From: Coun Paul Andrews (Independent), Malton Ward, Great Habton, York.
It is possible to save the High Street. Fifteen years ago Malton was considered finished, as its town centre shops lost out to competition from the York shopping malls. A few local councillors and businesses got together informally to do something about this.
Our first efforts were not successful, but the town did have the advantage of having a single landlord for most of our small independent shops: the Fitzwilliam Estate.
Council-owned car parking charges, which rose well above the rate of inflation, were also forcing shops out of business.
The turning point came when the Market Place carpark lease came up for renewal in 2009. The estate was persuaded to take back the car park and make it free – which it did at considerable cost.
Then the District Council decided to sell another car park to a superstore. This would have delivered a huge capital receipt, but have ruined local shops. Fortunately the Estate had the resources to successfully challenge these at a public enquiry and in the High Court.
So the Malton Town Centre survives and the Estate has been encouraged to invest in it more than ever before. Now Malton is bucking the trend: our town centre thrives while others are in difficulty.
The lessons for other towns are clear: get a campaign group together, use political pressure to stop or reverse increases in car park fees, and raise funds (try crowdfunding) to challenge superstore planning applications.
If you are a customer, you will find our local shops are no more expensive (and often cheaper) than supermarkets and have greater variety.
If you want to give your children the opportunity to set up in business, use the local independent shops: if the superstores are allowed to drive everybody else out of business, your children will have no chance.
Rail attitude shift needed
From: ME Wright, Harrogate.
Thankfully, I’ve never had to call the fire brigade. Is it fair that I should be required to keep paying more to maintain it? Certainly not, according to the logic of some no-name from Network Rail, claiming that “It is not fair to ask people who do not use trains to pay more for those who do” (The Yorkshire Post, January 2).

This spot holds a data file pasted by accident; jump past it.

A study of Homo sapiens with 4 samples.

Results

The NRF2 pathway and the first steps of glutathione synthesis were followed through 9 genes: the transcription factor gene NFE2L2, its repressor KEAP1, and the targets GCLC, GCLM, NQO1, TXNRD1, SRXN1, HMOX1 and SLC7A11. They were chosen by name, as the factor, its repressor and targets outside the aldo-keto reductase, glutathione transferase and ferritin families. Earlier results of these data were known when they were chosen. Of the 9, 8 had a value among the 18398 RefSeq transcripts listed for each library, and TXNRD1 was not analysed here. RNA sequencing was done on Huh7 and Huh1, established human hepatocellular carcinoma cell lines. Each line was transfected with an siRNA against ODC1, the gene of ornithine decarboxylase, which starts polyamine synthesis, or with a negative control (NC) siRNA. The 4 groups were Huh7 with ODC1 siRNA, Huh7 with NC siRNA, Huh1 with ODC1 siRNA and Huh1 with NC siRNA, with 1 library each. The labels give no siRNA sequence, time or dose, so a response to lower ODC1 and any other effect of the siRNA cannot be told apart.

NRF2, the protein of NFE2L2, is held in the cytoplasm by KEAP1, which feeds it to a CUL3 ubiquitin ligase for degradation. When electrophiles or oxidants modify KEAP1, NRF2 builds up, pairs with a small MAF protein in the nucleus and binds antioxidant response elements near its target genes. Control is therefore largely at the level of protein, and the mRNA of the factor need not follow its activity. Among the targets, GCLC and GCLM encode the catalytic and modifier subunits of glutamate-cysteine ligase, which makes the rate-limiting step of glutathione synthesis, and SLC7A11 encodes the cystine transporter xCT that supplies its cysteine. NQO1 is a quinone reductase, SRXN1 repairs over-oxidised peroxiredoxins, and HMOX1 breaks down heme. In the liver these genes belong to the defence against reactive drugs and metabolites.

Yet another supposed ‘public servant’ whose mind cannot cope with anything more imaginative than doing sums.
If ‘this’ doesn’t equal ‘that’ – stick the price up; problem solved.
Your columnist GP Taylor is the latest of many calling for a return to public ownership. But what about all the invisible Graylingesque suits, pulling the strings? How is the Westminster mindset to be changed?
I was involved daily in the chaos and confusion which followed privatisation. It also produced the ticket price minefield which is with us to this day. A year later, the result of the supposed inquiry by the curiously-named ‘Rail Delivery Group’ awaits delivery – hence GP Taylor’s outrageous £313 quotation for a return ticket to London.
We certainly need visceral change in Westminster attitudes as well as Franchisee practices. Deutsche Bahn own, but don’t actually operate, many of our lines. They also know how to run an effective and affordable network. It seems to be beyond us, so why not appoint them to run ours?
From: Jenny Eaves, Balby, Doncaster.
The rise in rail fares (The Yorkshire Post, January 2) is an annual event but one which becomes more to difficult to swallow with each passing year.
To increase ticket prices by an average 3.1 per cent this month after the woeful service that was provided to passengers in Yorkshire throughout most of 2018 is a real slap in the face.
It seems that rail operators receive all the advantages in having their margins protected but cannot be held to account by their customers in a way that ordinary businesses that weren’t delivering adequate services would be ordinarily.
Transport bosses say the extra money will improve services – but they claim that every year and nothing seems to change for the better.
Priorities are lost in space
From: Peter Hyde, Driffield.
Sadly I am at a complete loss as to what benefit it is to mankind for NASA to fly a probe past a mass of ice and dust four billion miles away in space.
It will have cost billions of dollars and many hours of research.
Surely there are projects here on earth or near space that would be of far more use to the human race?
One never ceases to be amazed at what scientists can waste money on.
Soap life is just the job
From: Coun Tim Mickleburgh (Lab), Boulevard Avenue, Grimsby.
I ENJOY watching Emmerdale with my mum. But I’m amused as to how many people in a small village find work easily, often being offered employment by someone they know. I wish that kind of thing had happened to me over the years!
From: Dr John Rayner, Hull.
Might Yorkshire veg grower Guy Poskitt be Britain’s post-Brexit agricultural saviour? Your Boxing Day front page headline suggests farmers “may need radical food solutions after Brexit.” Carrot soup?